The world chip shortage a TSD approach.
The chip shortage has reached headlines across the globe. The shortage in the supply of semiconductors first hit the automotive industry during the COVID-19 pandemic causing global disruption. We can trace the chip shortage back to the first two quarters of 2020 when overall consumer demand for cars declined during the lockdown. The chip shortage forced chip manufacturers to shift their focus from low-end chips in the 40-250 nanometre scale to more high-end chips used in computer and mobile devices with the latest GPUs and CPUs built on 7-nanometer (nm) technology.
As 5G, and cloud-based services grew, more people worked remotely. Therefore, more chips were needed for communication platforms like Zoom and video streaming services.
Many chip factories have retooled their machinery to produce newer chips that were in demand before the pandemic and are not likely to retool to the current demand for older processors until the 1st quarter of 2024.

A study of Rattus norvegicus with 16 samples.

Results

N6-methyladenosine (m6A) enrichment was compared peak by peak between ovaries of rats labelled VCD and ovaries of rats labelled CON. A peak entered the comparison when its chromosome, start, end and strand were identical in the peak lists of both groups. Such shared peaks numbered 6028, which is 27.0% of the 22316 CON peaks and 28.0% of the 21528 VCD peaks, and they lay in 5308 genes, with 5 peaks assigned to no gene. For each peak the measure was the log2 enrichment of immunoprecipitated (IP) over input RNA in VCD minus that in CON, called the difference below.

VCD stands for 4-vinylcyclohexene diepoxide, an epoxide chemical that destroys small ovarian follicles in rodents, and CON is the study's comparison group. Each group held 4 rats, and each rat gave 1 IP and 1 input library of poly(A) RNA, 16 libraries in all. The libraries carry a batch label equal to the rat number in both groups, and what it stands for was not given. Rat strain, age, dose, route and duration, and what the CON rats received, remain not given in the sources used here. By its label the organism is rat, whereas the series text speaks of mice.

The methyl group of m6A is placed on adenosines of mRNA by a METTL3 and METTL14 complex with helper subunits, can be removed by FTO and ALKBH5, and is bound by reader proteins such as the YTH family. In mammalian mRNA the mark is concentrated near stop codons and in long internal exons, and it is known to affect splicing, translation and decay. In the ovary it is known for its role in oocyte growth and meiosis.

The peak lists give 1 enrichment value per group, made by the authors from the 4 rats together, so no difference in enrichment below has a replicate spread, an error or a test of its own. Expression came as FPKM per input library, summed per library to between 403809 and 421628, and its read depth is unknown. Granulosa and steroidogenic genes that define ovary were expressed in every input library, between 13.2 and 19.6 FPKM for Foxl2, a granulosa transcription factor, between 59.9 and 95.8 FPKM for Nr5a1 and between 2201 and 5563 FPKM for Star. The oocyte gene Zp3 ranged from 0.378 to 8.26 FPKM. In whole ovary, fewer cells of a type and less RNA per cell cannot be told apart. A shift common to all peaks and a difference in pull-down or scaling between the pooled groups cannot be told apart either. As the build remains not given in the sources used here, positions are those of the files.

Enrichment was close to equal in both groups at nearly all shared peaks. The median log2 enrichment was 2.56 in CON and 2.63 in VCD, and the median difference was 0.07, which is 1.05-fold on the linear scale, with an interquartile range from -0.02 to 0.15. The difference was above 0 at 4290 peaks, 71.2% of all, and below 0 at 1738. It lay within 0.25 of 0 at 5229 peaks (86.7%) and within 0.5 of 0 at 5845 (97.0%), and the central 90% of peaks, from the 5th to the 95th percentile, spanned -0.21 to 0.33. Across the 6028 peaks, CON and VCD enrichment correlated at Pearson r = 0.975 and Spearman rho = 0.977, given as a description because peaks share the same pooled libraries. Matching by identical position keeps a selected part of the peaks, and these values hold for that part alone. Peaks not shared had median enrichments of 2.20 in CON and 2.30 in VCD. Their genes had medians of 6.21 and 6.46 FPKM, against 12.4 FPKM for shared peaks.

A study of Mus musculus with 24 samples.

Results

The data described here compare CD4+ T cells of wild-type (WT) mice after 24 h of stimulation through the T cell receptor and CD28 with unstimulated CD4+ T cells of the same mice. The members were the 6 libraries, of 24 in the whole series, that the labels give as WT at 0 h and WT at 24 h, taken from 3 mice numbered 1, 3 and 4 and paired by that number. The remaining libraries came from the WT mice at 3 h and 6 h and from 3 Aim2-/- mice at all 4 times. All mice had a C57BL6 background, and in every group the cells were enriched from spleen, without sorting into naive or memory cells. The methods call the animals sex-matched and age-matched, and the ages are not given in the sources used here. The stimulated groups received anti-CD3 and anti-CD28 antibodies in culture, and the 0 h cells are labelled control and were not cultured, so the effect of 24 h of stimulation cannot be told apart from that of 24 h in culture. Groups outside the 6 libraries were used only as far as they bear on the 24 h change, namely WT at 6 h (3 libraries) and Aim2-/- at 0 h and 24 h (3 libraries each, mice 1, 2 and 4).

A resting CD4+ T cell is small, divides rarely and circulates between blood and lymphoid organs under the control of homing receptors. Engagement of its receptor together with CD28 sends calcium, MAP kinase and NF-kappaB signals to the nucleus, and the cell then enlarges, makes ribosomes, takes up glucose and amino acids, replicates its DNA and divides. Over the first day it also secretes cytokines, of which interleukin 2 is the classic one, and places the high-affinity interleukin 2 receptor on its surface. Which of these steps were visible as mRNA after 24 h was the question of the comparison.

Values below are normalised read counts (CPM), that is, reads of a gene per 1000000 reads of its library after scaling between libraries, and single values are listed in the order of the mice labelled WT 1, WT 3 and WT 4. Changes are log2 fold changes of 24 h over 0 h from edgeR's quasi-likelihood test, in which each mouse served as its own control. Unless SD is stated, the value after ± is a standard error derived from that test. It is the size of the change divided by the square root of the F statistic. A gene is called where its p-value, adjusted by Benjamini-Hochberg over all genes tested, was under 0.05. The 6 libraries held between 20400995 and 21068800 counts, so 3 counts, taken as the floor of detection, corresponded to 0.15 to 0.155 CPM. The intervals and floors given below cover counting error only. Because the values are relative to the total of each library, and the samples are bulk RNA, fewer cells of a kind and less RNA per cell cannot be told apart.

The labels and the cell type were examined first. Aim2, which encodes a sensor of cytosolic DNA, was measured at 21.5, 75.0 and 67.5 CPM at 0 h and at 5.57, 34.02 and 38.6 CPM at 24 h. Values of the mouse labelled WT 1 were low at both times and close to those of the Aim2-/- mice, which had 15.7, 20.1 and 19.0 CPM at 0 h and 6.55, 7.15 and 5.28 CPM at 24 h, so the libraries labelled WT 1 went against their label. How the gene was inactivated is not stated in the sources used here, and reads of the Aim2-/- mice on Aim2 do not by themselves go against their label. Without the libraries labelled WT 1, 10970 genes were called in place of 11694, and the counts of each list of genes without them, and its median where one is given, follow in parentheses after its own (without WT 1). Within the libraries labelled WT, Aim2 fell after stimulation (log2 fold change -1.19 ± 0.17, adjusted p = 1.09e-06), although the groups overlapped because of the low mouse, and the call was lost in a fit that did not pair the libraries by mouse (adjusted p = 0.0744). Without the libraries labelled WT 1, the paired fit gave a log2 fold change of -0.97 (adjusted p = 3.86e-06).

At TSD Africa, we recognized the delay in the supply chain early enough when our vendors started communicating manufacturing constraints at the beginning of 2021. To prepare for a shortage in supply and to continue to meet the demand by maintaining the high standard expected from our reseller's expanding client base, we took a phased approach to the situation to best adapt our product offering.
First, our RnD department was tasked to source and test alternative products that sharpened our perspective and helped us ask the right questions:
1) Which brands are innovating?
2) What do quality and stability mean to the individual using the product? Next, educating our resellers on product alternatives helped create confidence and brand awareness and exposed them to new technologies. After a few product launches, our sales team was geared to offer quality alternative brands to a now more aware reseller base. TSD Africa offers a broader choice of selected quality brands, allowing our resellers to become more dynamic with their approach without compromising on quality or disrupting the administration process involved with maintaining these products or providing a quality service to their customer base.